What is Card-Based Design and Should you be Using it?
The Pros and Cons of Card-Based Design
It may seem like every website you visit lately is migrating to card-based layouts over their traditional layouts. Taking cues from social media platforms, this trend has become hugely popular across all types of websites. The question is why, and should you be doing the same?
What is Card-Based Design?
Card-based layouts have been around in web design for longer than you may think are more popular right now than ever. The growing trend of using cards can be seen across some of the biggest websites in the world including Google, Twitter, Facebook and Instagram. Card-based layouts were pioneered by sites such as Pinterest which used a Masonry style grid of cards and Microsoft also implemented it into their operating systems with the Metro design language in 2006.
Examples of Card-Based Design
How to Design with Cards
Designing a website with cards requires a modified approach to traditional layouts. Cards are nearly always displayed in a grid or list of some sort, your job as a designer is to first figure out what portion of your design will feature cards and where other elements such as branding and navigation will appear.
And then to decide how to create hierarchy within your cards, traditional methods such as placing more important content nearer the top of the page may work in some cases, but the very nature of cards is that they are scannable rather than an ordered list. Content that you want to stand out needs to do just that. This can be achieved by either by making it larger than other cards, using an eye-catching image of some sort or darker colours than other cards etc.
Pros of Card-Based Design:
Having your content contained within individual cards makes them easy to re-arrange and re-order. This is particularly important when it comes to responsive design for various devices and screen sizes. For this reason, cards make perfect sense to designers.
Card-based layouts present your visitors with lots of short bursts of information, that are easy to scan and find what they need. Where as traditional layouts may dedicate their entire homepage to saying "hello" and telling you about a company, cards can show snippets of content from all across the site, meaning that visitors are more likely to find what they are looking for on the very first page they land at.
Bite-Sized Chunks of Information
Cards are good for communicating quick stories, things which don't necessarily require a whole paragraph of text, let alone their own dedicated page, but are important nonetheless. Much like on Social Media, these shorter straight to the point snippets of information are easier to digest and more likely to actually be read by your visitors/followers.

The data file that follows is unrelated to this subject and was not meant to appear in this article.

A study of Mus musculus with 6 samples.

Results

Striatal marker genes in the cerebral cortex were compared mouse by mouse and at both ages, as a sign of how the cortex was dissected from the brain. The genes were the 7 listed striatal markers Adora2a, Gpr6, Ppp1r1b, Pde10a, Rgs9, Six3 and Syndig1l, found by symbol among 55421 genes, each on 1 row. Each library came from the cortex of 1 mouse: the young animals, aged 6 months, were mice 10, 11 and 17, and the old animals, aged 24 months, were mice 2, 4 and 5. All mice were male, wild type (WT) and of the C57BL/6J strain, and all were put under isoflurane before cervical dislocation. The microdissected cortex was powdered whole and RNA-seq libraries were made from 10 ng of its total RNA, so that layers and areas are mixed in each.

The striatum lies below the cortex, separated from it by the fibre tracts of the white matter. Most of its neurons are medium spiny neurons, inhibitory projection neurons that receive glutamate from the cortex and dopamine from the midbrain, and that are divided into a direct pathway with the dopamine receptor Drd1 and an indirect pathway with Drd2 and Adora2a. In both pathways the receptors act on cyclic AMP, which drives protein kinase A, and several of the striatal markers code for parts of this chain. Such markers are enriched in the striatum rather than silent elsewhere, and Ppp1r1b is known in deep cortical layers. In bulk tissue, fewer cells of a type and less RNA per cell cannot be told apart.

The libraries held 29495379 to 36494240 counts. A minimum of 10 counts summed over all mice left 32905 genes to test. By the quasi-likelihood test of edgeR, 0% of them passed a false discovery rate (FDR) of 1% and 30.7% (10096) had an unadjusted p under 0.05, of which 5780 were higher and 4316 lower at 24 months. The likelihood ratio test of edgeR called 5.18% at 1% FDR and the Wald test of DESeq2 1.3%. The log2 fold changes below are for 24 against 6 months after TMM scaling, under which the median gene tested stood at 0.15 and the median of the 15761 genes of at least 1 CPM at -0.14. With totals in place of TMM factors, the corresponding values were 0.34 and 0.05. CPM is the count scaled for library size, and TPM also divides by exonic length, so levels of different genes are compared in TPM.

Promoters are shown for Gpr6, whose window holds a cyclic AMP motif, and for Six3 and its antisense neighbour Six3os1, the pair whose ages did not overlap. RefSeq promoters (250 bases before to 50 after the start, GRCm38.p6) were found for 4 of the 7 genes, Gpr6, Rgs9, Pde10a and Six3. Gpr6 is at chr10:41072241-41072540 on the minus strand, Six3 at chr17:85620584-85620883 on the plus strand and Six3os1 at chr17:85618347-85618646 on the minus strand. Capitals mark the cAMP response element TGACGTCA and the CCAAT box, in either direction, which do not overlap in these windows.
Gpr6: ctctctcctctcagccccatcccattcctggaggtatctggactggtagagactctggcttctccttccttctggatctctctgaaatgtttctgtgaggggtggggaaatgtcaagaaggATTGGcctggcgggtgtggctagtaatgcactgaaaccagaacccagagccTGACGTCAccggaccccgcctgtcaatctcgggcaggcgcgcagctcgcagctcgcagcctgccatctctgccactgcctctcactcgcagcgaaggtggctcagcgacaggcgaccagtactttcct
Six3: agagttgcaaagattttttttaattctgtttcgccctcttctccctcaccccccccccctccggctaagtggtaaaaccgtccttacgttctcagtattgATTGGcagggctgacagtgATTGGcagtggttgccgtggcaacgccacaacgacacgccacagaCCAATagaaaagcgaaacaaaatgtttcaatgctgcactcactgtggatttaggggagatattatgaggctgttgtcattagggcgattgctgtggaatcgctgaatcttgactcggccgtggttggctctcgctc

And you can always provide a 'Read More' link if you do have more information to provide for those who are particularly interested.
Social Media Integration
As briefly mentioned in the last point, cards have a lot in common with social media. Tweets, Facebook posts, Instagram photos etc. all fit the criteria of cards. So they are ideal for integrating into your website.
Cons of Card-Based Design:
Unless all of your widgets visually look the same (which would be a bad practice in itself), a card-based design may require you to use a larger range of colours, images, fonts or other variables to distinguish between cards. Less consistency in this fashion can make your layout look disorganised.
Lack of Traditional Hierarchy
Although there are methods to bring attention to more important cards, the lack of a traditional hierarchy in which more important content is displayed first, can have a negative effect. Especially for visitors to a website who are looking for a specific piece of information, throwing a grid of seemingly unorganised snippets of content at them may leave them confused and not knowing where to look.
Not Suitable for Some Websites
Card-based design may not be suitable for smaller projects or projects that are primarily information based. For a website with the sole purpose of proving detailed information, a card-based design would be a step in the wrong direction. It would be counterintuitive to break a design up into multiple isolated segments, when all your visitor really wants to do is read the information you're offering.
Likewise, for smaller projects which simply don't have a lot of content, switching to a card-based design will only confuse your visitors. Smaller websites that have less content tend to be easy to navigate anyway, so why fix what isn't broken?
Is Card-Based Design More Than Just a Trend?
When we think of web design trends, we think of things that have been and gone. GIFs were a big trend once (not just for memes), Skeumorphism was a huge trend not long ago too, and Flat design is probably the most popular recent trend which is fading slightly.
However some ‘trends’ that have been around from the beginning have proven themselves to be much more than just passing fads. For example common UI elements that we see on a daily basis such as dropdown menus, header images and sidebars were new once. Some trends just make a lot of sense and end up ultimately becoming the norm.
If cards are just a trend, one thing for sure is that it will be sticking around much longer than most. Whether or not you should use them, depends on the project but honestly I think the Pros outweigh the Cons in most cases.